The marine passenger terminal along Front Street on the east side is adjacent to Toledo s Glass City Municipal Marina.
Nearly 11 years after the idea first surfaced, Toledo has a marine passenger terminal on its waterfront.
The Toledo-Lucas County Port Authority is planning a public dedication ceremony for the $3.2 million building at the downriver end of the Marina District site in East Toledo on Monday, four days after holding its monthly board meeting in the newly built terminal s main concourse.
It s a terrific building a great thing for the city, said Doni Miller, the board of directors chairman. Now, the key is to get a service in here so it gets used.
Indeed, while Toledo has a place for ferries to stop, for now it lacks any ferries to stop there.
But the port authority has solicited proposals from potential ferry-service operators, and today will lead representatives of as many as a dozen firms that have expressed interest on tours of the new terminal.
Also on the mailing list for the port s tour invitation were the Great Lakes Cruising Coalition, a trade organization representing cruise ship operators, and U.S. Customs and Border Protection, which would need to establish inspection operations at the terminal before any vessels sailing from Canada or any other foreign country could call in Toledo.
Office space for Customs use has been provided in the terminal, said Kelly Rivera Nye, the port authority s communications director, but the space is unfinished.
Since 1997, when the terminal plan was announced, the estimated cost for Customs facilities has soared from $30,000 to $260,000, largely because of the 9/11 terrorist attacks, Mrs. Nye said.
Inside the marine passenger service, the space can be configured for banquets and meetings when not being used for ferry service.
The port authority is seeking grants for a $1.9 million second phase of the terminal project that would cover that cost and other enhancements, she said, including a rooftop observation deck and solar panels, furniture and equipment, and finishing of a marina shop at the terminal.
A third phase, estimated at $3 million, would provide a second dock and a ramp for Hovercraft-type vessels, which travel on a pressurized air cushion on the water s surface instead of floating and propelling themselves against the water.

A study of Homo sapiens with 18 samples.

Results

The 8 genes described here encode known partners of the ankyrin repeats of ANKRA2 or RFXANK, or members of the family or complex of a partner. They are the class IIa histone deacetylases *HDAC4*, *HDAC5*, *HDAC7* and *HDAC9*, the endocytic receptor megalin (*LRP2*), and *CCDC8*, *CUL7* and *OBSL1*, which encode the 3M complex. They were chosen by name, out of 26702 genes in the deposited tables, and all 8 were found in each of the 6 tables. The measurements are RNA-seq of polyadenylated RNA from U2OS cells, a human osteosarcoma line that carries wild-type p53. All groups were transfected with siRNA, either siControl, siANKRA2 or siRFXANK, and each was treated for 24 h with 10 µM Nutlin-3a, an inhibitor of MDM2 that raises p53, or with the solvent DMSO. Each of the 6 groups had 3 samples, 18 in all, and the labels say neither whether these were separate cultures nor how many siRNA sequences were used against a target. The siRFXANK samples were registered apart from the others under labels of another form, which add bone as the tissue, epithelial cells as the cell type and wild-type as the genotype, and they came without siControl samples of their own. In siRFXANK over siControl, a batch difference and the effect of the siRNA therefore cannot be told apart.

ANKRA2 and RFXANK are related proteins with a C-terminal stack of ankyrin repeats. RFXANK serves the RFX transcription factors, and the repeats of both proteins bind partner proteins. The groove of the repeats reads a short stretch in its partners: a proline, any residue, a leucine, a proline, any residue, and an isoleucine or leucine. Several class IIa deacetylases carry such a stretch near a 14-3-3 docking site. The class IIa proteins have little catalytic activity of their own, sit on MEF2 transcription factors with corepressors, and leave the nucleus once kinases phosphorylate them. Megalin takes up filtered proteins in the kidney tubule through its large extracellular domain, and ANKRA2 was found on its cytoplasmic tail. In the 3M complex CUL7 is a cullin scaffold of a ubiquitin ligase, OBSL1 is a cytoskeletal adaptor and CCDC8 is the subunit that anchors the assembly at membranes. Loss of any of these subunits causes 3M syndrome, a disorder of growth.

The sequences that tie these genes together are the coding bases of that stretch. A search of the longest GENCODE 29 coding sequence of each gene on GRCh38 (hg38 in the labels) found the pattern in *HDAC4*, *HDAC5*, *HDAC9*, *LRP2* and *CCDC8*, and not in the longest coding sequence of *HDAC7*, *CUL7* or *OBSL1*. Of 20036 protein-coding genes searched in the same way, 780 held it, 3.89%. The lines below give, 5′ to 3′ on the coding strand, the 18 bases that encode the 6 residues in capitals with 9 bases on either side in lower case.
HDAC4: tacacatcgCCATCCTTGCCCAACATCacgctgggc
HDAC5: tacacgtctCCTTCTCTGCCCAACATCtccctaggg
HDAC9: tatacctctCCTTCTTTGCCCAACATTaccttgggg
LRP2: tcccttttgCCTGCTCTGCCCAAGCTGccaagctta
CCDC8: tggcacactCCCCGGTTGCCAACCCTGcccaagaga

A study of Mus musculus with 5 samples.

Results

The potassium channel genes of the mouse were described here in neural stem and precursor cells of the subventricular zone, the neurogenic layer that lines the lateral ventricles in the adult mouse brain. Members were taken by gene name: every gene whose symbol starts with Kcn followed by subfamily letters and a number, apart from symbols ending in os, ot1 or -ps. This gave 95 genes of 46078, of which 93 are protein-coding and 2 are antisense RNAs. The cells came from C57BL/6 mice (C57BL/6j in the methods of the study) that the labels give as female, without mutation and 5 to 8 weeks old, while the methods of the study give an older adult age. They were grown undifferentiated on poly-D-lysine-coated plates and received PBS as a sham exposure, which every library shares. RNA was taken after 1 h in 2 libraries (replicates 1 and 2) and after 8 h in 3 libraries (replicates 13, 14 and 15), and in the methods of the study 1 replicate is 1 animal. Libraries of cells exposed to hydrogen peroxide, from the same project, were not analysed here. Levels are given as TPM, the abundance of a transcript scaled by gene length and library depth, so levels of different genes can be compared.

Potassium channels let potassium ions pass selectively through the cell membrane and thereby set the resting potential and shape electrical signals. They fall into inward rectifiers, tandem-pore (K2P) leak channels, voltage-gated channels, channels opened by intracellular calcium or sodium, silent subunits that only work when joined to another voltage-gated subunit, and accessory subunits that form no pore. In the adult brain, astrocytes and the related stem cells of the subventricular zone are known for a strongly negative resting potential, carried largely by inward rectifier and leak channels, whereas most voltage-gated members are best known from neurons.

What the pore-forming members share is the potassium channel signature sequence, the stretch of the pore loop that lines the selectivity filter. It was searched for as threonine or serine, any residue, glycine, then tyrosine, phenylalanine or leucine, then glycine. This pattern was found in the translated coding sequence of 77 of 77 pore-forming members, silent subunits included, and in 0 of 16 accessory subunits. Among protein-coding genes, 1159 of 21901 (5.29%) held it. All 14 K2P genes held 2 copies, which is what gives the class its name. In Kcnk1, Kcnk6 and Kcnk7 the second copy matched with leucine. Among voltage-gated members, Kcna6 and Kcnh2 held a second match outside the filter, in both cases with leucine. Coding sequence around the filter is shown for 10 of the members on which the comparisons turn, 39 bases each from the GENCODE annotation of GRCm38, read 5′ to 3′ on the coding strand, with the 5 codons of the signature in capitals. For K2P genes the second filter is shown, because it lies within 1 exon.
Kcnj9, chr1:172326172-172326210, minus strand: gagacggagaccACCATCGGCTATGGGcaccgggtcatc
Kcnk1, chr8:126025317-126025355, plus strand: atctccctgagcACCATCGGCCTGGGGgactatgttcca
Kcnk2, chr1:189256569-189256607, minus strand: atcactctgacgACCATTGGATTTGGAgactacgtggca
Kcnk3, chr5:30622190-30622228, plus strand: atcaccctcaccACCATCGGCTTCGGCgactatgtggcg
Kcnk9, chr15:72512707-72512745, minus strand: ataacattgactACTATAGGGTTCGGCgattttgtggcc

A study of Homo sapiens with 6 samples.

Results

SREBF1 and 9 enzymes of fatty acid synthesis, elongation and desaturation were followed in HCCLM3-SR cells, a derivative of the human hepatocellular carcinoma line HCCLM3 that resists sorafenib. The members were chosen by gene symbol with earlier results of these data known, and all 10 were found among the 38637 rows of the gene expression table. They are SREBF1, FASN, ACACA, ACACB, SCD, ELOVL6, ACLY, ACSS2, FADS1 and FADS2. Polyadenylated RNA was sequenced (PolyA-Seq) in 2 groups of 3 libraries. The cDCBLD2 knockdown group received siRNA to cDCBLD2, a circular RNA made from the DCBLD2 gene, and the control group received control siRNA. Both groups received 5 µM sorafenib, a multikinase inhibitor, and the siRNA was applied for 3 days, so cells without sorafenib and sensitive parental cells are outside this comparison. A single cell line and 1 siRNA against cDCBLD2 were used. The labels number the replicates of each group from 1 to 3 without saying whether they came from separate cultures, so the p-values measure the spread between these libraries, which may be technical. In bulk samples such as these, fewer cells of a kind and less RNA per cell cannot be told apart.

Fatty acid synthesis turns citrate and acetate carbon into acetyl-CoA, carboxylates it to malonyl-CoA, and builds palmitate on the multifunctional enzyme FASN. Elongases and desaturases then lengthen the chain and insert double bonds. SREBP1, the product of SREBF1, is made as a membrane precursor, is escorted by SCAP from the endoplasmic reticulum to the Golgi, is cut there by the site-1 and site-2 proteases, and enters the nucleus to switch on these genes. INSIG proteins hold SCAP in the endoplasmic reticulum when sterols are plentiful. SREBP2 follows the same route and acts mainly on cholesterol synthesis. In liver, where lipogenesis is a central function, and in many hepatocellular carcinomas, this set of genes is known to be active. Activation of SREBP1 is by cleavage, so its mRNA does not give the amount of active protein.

If a feasible service proposal using Hovercraft arises during the current bidding process, Mrs. Nye said, ramp construction could be accelerated.
The original ferry proposal, when the Ohio Department of Transportation awarded the port authority $1.2 million in federal funding designated for related facilities, was to run Hovercraft between Toledo and Windsor.
Hovercraft are better suited for year-round operation in waters prone to icing over, such as Lake Erie, because they can travel at regular speeds skimming the surface, rather than breaking their way through the ice.
But while a Hovercraft was brought to Toledo in 2000 for demonstration runs, arrangements to develop the Windsor ferry service ultimately foundered.
The proposed terminal location migrated over the years from International Park to Brenner Marine and finally to the chosen location: next to the former Toledo Edison Acme Generating Station and a short distance up the Maumee River from I-280.
Additional grants boosted the project s federal funding to $2.6 million, which was combined with $611,000 in port authority money to build the terminal.
The city of Toledo will use part of the building as an office for the adjoining Glass City Marina.
Any firm now wishing to submit a ferry-service proposal to the port authority is required to take the terminal tour today and will have submit its plan by Dec. 7.
Proposals are to be reviewed by the port authority s new project development committee on Dec. 12.
Along with Windsor, potential destinations that have been discussed for a Toledo ferry service have included the Lake Erie Islands and Detroit.
Mrs. Nye said it is possible that multiple operators could be signed up to use the terminal if they have viable service proposals, and that 2008 could be a year of experimental service.
Six cruise-ship companies offer seasonal tours on the Great Lakes, and the port authority hopes the terminal s presence will induce one or more them to call on Toledo.
Several Great Lakes cruises visited Toledo during the late 1990s, but no such stops have occurred recently.
Port officials expect all furnishings in the terminal s main concourse to be portable, Mrs. Nye said, so that the concourse also can be used for banquets, especially during the winter if ferry operations start on a seasonal basis.
Contact David Patch at:firstname.lastname@example.org 419-724-6094.